Scoones, I.

Wealth Ranking: Insights into Patterns of Rural Differentiation in Southern Zimbabwe

The paper reports on the use of wealth ranking in an agro-pastoral community in Mazvihwa communal area in southern Zimbabwe. A comparison of the rankings carried out by different groups reveals differing perceptions of what constitutes 'wealth', and highlights the need to carry out several different rankings in order to explore the diversity of local perceptions. The rankings were also examined in relation to household survey data of asset ownership and income levels.

A Guide for Trainers

This guide for trainers emphasises facilitating the self-development of trainees to enhance their learning. Games and exercises are used to provide a mix of learning environments. This handbook gives details on how to conduct over 40 such exercises. Particular attention is given to training in semi-structured interviewing, participatory diagramming, and in ranking and scoring techniques. Other sections discuss the facilitator's role, games and exercises for strengthening groups, drama and role playing, and organisation of training workshops.

Participatory Research for Rural Development in Zimbabwe: A Report of a Training Workshop for ENDA-Zimbabwe Trees Project

This training workshop in Zimbabwe was attended by staff of a community management of woodland project. These included village based researchers (VBRs) and community workers (CWs), who it was intended would gain experience of participatory research techniques for use in community planning and project evaluation by communities involved. The report outlines the woodland project, the roles of (VBRs) and (CWs) in decision making about tree resource management, and discusses issues of community acceptance of local research, and information biases in previous research activities.

Semi-structured Interviewing

Semi-structured interviewing (SSI) is guided interviewing where only the topics are predetermined, and questions arise during the interview. Using a guide or checklist, the multidisciplinary team poses open-ended questions and probes topics as they arise. New avenues of questioning are pursued as the interview develops. This handbook introduces interviewing as a research method (ch.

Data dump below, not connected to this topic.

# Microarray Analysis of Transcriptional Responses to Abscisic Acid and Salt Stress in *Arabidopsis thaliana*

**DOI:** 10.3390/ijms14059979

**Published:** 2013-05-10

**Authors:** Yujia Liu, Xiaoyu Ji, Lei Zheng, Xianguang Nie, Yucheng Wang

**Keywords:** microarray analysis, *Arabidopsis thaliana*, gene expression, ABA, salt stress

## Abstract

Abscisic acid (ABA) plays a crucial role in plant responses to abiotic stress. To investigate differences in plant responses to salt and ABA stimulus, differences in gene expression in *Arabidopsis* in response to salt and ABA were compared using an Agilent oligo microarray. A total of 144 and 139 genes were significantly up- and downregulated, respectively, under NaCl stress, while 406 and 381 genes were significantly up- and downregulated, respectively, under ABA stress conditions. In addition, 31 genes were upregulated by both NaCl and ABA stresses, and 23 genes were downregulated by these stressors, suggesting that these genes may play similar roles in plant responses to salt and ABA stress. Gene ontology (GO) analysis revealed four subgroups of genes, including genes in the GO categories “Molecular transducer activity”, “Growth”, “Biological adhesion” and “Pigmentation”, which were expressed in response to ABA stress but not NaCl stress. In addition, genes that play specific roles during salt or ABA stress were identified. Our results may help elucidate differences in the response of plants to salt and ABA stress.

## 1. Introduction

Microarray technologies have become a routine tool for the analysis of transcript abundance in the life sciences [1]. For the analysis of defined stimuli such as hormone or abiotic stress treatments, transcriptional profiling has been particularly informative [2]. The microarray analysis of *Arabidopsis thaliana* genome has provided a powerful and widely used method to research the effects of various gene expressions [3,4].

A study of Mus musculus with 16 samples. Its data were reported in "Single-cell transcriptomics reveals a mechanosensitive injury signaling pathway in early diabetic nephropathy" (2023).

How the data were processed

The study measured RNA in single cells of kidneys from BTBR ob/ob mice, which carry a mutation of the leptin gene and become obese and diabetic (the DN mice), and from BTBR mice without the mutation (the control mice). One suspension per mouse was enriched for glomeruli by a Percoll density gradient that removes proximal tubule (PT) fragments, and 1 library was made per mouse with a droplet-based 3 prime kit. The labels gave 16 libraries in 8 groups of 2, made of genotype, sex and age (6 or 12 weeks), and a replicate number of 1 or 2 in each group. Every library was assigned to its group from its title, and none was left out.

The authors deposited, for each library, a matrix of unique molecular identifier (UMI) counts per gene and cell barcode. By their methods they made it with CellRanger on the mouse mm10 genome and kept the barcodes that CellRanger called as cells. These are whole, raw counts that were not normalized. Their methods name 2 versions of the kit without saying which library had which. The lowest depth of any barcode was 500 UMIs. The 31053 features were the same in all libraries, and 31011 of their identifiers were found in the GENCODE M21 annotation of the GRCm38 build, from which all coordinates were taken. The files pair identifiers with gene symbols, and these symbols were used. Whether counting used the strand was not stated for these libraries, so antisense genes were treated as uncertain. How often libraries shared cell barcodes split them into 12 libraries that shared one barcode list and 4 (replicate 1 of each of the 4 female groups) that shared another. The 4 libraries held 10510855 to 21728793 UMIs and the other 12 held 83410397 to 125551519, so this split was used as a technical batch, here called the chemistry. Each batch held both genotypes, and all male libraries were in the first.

PRA and anthropology: challenges and dilemmas

The first part of the article explores ten of the myths about PRA - for example, that it is quick, easy, that people involved are neutral, that it is not political - and attempts to debunk them. The second part discusses the relationship between anthropology and PRA and what they have to offer each other. It is concluded that PRA needs anthropology to continue the process of reflection, self-critique and theoretical and methodological enrichment. Conversely, anthropology needs an applied context to work effectively and make the most of the discipline's insights.

Browse ranking in Zimbabwe

This short paper reports on the use of browse ranking in southern Zimbabwe. Two types of ranking were conducted. First, a simple scoring of a list of all available trees in the area was carried out. The results showed that the livestock owners' rankings tallied closely with quality assessments based on chemical analysis. Next, a more focused matrix ranking explored a few key species against a range of criteria. In terms of overall preference, early shooting was the most important criterion, followed by the importance of dry leaves as fodder.

Wealth Ranking in Sudan

The approach reported on by this paper uses the perceptions of informants to rank households within a village or quarter of a village according to overall wealth. The example comes from a RRA conducted in a village in the Sudan. Also, preference and direct matrix rankings used to investigate local incentives to tree management near Khartoum are reported. In the latter, two techniques were used: pair-wise preference ranking and direct matrix ranking.